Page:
Protect yourself and your property from mosquitoes and prevent them from breeding in your yard.

The West Nile virus has made its way to the East End according to the Suffolk County Department of Health Services.  While no human cases have been reported yet, East Enders need to take preventative measures to avoid being bitten. 

What do mosquitoes and humans have in common? Water.  We need it to hydrate our bodies, for our yards, pools, etc.  Mosquitoes need it to breed.  Whether it is in the form of melted snow water or sewage waste, mosquitoes’ breeding grounds can be in any container imaginable – your swimming pool or your glass of water. 

The first step to prevent new generations of mosquitoes and the West Nile virus from entering your yard is to eliminate water sources.  Here are some tips to do so:

1. Drill holes in the bottom, not the sides, of garbage and recycling containers stored outdoors. Holes on the sides still allow enough water to accumulate in the bottom for mosquitoes to breed.

2. Keep gutters clean and unclogged. Be sure downspouts drain properly, without leaving puddles in the drainage area. If necessary, reroute downspouts or add extensions to carry water away.

3. Keep swimming pools cleaned and chlorinated, even when not in use. Homeowners who go on vacation without chlorinating their pools may return to a veritable mosquito hatchery.

4. Walk around your property after a rain and look for areas in the landscape that are not draining well. If you find puddles that remain for four or more days, then regrade the area.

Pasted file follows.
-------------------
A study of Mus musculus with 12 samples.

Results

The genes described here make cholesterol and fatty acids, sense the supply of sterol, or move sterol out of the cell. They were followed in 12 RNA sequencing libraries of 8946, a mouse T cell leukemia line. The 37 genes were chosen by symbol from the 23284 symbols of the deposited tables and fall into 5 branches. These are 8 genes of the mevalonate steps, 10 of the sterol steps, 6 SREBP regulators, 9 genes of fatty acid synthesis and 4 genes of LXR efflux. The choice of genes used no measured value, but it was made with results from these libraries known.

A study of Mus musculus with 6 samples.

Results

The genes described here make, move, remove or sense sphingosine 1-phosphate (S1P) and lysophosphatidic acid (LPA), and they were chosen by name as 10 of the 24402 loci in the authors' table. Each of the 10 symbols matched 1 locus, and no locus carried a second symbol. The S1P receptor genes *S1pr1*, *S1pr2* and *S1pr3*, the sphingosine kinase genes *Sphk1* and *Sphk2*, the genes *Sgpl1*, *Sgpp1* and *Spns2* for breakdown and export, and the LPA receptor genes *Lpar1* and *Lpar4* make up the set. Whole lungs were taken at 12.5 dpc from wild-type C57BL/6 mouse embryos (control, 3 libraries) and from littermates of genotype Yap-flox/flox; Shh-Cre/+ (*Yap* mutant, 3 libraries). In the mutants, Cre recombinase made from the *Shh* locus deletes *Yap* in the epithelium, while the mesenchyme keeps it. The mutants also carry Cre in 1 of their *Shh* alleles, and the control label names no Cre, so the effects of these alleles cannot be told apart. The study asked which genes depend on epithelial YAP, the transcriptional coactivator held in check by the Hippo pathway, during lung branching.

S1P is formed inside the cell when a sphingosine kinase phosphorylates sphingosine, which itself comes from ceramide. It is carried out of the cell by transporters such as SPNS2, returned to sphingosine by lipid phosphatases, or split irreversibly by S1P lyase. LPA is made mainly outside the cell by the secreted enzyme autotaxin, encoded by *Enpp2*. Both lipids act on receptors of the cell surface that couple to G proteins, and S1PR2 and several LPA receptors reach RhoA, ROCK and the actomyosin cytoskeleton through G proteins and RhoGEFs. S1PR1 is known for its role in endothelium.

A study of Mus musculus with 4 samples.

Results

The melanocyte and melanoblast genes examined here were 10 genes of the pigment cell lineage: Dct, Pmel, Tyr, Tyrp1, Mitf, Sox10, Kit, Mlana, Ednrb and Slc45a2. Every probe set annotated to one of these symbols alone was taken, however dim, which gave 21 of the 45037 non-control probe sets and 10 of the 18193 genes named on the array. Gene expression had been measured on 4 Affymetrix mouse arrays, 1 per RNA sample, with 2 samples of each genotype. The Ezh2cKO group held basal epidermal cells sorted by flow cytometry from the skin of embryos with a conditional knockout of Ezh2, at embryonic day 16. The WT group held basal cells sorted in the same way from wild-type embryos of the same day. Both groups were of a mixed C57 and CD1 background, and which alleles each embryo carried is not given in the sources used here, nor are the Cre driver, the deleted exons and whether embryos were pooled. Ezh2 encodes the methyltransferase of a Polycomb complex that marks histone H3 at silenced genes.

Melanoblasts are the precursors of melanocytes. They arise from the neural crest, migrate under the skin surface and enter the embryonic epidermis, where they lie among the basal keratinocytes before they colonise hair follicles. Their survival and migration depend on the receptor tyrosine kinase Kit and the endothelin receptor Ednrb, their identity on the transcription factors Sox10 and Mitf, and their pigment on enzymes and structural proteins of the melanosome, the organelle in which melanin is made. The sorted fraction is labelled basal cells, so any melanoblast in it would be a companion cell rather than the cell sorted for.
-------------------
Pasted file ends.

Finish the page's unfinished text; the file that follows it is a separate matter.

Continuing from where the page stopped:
5. Ornamental ponds should be aerated to keep water moving and discourage mosquitoes from laying eggs.  Stock the pond with mosquito-eating fish.

6. Dump anything that holds water twice per week if it has rained such as birdbaths, non-chlorinated wading pools, garbage can lids, pottery, and flowerpot saucers. Don’t leave water in pet bowls for more than two days.

7. Keep the property clean of items that can hold water including discarded aluminum cans and tires.

In addition to limiting the breeding habitat and water sources, it’s also important to limit the adult habitat.  Adult mosquitoes rest during the day, usually on tall weeds or other vegetation. Mow the lawn regularly and keep weeds away from the house to make the yard less hospitable.

This post is contributed by a community member. The views expressed in this blog are those of the author and do not necessarily reflect those of Patch Media Corporation. Everyone is welcome to submit a post to Patch. If you'd like to post a blog, go here to get started.